Democratic presidential contender John Kerry renewed his attacks on the Bush administration's economic record Tuesday, even as the president defended his policies at the White House.
Senator Kerry took his campaign to New Jersey where he slammed the president's economic policies.
Mr. Kerry accused President Bush of ignoring American values by giving tax cuts to the wealthy while saddling the middle class with budget deficits and debt.
"Your hard earned tax dollars are actually paying corporations to export your jobs," he said. "So more and more of you are working harder and you are still not able to get ahead."
Senator Kerry accused the president of failing middle class Americans because he said many families are working harder, earning less and paying more for health care, college education and energy.
At the White House, the president had a much more optimistic view of the domestic economy and said his tax cuts have helped spur economic growth and create new jobs.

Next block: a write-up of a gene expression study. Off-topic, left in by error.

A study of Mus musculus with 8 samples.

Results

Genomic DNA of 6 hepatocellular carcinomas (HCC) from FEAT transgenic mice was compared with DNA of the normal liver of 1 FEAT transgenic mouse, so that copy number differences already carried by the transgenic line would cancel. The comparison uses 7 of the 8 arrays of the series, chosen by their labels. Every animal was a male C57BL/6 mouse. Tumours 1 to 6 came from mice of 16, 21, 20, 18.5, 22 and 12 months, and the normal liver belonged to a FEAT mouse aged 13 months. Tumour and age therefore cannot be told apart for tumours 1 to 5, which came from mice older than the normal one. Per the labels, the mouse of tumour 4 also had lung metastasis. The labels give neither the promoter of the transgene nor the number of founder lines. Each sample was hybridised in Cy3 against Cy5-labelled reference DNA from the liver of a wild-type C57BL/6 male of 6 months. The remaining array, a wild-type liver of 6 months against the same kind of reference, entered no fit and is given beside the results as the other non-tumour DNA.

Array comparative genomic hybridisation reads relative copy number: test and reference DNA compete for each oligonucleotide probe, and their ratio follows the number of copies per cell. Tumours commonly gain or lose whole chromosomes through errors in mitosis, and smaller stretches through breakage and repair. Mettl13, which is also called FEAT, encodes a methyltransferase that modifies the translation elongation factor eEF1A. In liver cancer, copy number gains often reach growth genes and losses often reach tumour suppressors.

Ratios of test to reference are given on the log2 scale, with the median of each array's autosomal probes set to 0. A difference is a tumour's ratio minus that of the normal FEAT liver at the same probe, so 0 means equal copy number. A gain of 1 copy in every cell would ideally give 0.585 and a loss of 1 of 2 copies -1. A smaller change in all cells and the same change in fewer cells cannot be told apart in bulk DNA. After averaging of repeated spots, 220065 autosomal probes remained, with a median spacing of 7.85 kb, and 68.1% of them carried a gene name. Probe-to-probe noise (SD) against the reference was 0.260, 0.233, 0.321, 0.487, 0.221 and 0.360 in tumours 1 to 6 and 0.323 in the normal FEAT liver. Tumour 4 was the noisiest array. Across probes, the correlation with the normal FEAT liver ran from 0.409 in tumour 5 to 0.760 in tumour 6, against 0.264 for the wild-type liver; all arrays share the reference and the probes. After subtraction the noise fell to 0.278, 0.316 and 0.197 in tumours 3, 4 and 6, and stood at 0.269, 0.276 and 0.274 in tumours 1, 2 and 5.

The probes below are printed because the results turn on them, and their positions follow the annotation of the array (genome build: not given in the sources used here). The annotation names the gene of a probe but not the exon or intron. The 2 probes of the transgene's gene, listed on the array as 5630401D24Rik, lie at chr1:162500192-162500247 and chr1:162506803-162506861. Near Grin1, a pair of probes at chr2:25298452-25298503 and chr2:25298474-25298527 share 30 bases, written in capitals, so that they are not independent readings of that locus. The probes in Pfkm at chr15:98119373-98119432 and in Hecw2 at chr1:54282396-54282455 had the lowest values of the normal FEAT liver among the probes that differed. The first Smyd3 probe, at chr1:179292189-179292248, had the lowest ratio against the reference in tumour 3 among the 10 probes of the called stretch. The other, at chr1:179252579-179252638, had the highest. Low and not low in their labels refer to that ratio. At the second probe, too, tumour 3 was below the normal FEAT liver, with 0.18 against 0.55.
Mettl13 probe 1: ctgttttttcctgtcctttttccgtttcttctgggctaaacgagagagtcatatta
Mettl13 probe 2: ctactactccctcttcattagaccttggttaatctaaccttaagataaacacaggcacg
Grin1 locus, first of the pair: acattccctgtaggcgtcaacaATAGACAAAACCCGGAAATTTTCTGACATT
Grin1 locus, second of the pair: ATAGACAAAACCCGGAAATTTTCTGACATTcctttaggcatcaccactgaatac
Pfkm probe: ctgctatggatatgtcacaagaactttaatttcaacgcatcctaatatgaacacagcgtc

"What I am pleased about is the fact that our economy is strong and getting stronger," said Mr. Bush. "All indications are that the economic stimulus plan we put into place is working. There is strong growth. There are new jobs being added."
Senator Kerry will focus on the economy as he travels to several key battleground states in the mid west over the next two weeks. Bush campaign officials have taken to calling this the Kerry "pessimism and misery tour."
But the administration's boasting on the economy was dampened somewhat by a new report from the Labor Department Tuesday. The report said consumer prices in May registered their largest increase in more than three years, driven mostly by higher prices for energy and food.
The presidential campaign has focused on Iraq and the economy for months now but that could change next week with the publication of former President Bill Clinton's autobiography.
"A lot of presidential memoirs, they say, are dull and self-serving. I hope mine is interesting and self-serving," said Mr. Clinton.
The former president is expected to dominate the airwaves in a number of interviews about his book and Democrats appear to be divided about what impact, if any, all the attention on the Clinton legacy will have on the Kerry campaign.